World renowned companies like PayPal and Square are buying absurd amounts of bitcoin, which begs the question: is there enough to go around?

In brief

  • Bitcoin’s price is exploding as companies continue to buy the asset in large quantities.
  • There could be a widespread bitcoin shortage soon, according to Pantera Capital.
  • The asset will continue to be available, but the bitcoin landscape might be different.

Chaos in the US political landscape has forced the Federal Reserve to turn the printers into overdrive, pushing asset prices into outer space, according to a publication by blockchain investment fund, Pantera Capital.  
One such asset is bitcoin, and its price is about to blast through the roof due to tech companies hoarding the cryptocurrency.
“PayPal and Cash App are already buying more than 100% of all newly-issued bitcoins,” the post said. “When other, larger financial institutions follow their lead, the supply scarcity will become even more imbalanced. The only way supply and demand equilibrates is at a higher price.”
With big tech swallowing the bitcoin supply whole, this could place increased pressure for bitcoin’s price to continue surging. At the same time however, it will restrict access for everyday people who might not have $20,000 laying around to purchase bitcoin.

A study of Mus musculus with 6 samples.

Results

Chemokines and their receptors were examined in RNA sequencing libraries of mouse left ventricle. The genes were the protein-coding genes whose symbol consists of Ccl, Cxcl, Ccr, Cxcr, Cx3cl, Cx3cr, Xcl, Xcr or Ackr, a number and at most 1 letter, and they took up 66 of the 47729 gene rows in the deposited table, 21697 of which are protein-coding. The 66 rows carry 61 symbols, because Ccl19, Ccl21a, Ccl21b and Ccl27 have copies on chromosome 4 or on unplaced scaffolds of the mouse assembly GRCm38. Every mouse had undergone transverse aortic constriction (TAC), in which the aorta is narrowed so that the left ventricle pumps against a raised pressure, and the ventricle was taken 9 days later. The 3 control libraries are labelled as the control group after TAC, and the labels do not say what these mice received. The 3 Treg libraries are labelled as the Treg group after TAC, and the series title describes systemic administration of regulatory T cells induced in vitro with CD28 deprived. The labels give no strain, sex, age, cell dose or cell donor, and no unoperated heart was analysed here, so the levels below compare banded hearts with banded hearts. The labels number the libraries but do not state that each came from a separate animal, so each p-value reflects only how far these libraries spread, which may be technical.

Thankfully, there’s no need to worry just yet, according to Pantera Capital.

Speaking to Decrypt, Pedro Febrero, Co-Founder of the academy Crypto Nerds, and analyst at Quantum Economics said that the number of Bitcoin getting “concentrated in fewer hands in the long-term” could be a “problem for the democratization of finance.” 
He added though that bitcoin’s supply is limited, and eventually big companies will sell it at some point or another. “Finally, we shouldn’t forget that not all Bitcoin is simply being ‘hodled’,” he said. 
Research from analytics firm Chainalysis last week showed that the amount of bitcoin available for circulation depends on whether those holding the coin want to sell or trade it.
About 77% of all 14.8 million mined bitcoin are stored in ‘illiquid’ wallets i.e. wallets that are not sending bitcoin back and forth. This shows that massive buyers have bought the asset and stored it safely – keeping it as a store of value.
This is not necessarily a bad thing.
After all, big tech and large institutional investors purchasing the asset help to legitimise and secure the network. Since every bitcoin holder is defacto incentivised to maintain the network, more nodes and hashing power quickly follow suit. Eventually, even governments might help to secure the bitcoin network.
Bitcoin is an asset that nobody on earth has the power to deflate. It is a form of decomoratisation of money and some have posited that bitcoin could also lead to ending global war.
Either way, there’s no need to worry about the currency ever disappearing: with companies like PayPal buying it up, it’s now easier to buy the crypto than ever before. 
As Pantera Capital said in the post: “Previously the friction to buy bitcoin was pretty onerous: take a selfie with your passport, wait days to a week to get activated, daily limits.”
“Three hundred million people just got instant access to Bitcoin, Ethereum, and other cryptocurrencies.”